Sam Newington, the son of Fairline founder Jack Newington, passes away peacefully at home
Sam Newington, the man who built Fairline into one of Britain’s leading boat manufacturers, has died peacefully at home aged 82. The family’s involvement with the marine industry began in 1964 when Sam’s father Jack Newington converted a gravel pit in Oundle, digging a trench to link it to the River Nene. Oundle Marina was created, the basis for a small inland waterways and marina business that hired and repaired boats. It was originally something of a hobby alongside the family’s main business of frozen foods. In 1966 Jack bought a mould for a 19ft glass fibre boat from a failing company. That boat became the Fairline 19 and Fairline was born.
Sam signed up to the RAF straight from school, joining RAF Cranwell – the entry point for those wishing to become permanent officers. He graduated top in academic work and became a fighter pilot flying Hawker Hunters in Germany. Following the Suez crisis, Sam became disaffected with the political situation at that time and left to join his father’s frozen food business. Frozen chickens didn’t hold Sam’s interest either, and when the business was sold he left to pursue an MBA at Columbia University in New York before returning to the UK to work for global consultancy firm McKinsay as a management consultant.
After Jack Newington voiced an intention to sell Fairline if Sam didn’t become a part of the business, he joined the firm in 1970. At the time the company had just 21 employees working out of the Oundle Marina site.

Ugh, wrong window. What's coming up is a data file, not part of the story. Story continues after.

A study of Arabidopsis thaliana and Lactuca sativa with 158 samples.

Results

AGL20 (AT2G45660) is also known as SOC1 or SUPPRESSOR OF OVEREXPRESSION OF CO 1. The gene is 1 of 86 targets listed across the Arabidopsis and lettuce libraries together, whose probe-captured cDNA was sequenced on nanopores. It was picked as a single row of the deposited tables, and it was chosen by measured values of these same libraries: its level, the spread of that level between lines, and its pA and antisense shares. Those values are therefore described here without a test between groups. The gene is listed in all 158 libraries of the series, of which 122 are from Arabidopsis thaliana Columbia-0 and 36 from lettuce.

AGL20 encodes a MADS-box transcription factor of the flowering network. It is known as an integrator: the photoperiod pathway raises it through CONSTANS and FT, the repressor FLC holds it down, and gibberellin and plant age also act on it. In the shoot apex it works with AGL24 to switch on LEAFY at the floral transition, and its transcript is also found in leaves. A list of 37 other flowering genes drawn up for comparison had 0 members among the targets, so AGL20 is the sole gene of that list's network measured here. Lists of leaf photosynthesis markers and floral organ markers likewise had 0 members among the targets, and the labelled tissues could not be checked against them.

Jack and Sam ran the company together for a brief period, with Jack taking increasing time off as Sam got more involved. A keen boater who had many cross channel trips under his belt, Sam brought both his management acumen and love of boating to bear, introducing a 25 footer and then the 23 Holiday which went on to sell 600 units over the next 12 years.
Fairline grew rapidly under Sam’s command, and the Fairline 40 launched in 1977 allowed the company to expand into Mediterranean markets. By 1979 the company was employing 140 people and turning over £5 million a year.
His management style was very ‘hands on’, getting involved with the design as well as the manufacture of Fairline boats. The Targa range was created directly as a result of Sam and his wife Briony’s boating experience. With a holiday home at Port Grimaud in the South of France, the couple naturally kept a Fairline there, a 26ft Sunfury. It was their need for a larger boat that saw the creation of the hugely successful Targa 33 in 1984 that went on to sell over 350 units over the following seven years and spawned the entire Fairline Targa genre.
In total Sam and Briony owned 18 Fairline boats, testing a different model each year by taking it to their holiday home in France. Everyone at Fairline knew when they had arrived as the faxes would start coming in detailing changes that Sam wanted making which would need to be actioned immediately.
In 1986 Fairline was awarded the Queen’s Award for Enterprise, International Trade and in 1996 Sam retired, selling Fairline Boats to South African Graham Beck (who also owned Princess Yachts International) having run the company for 26 years.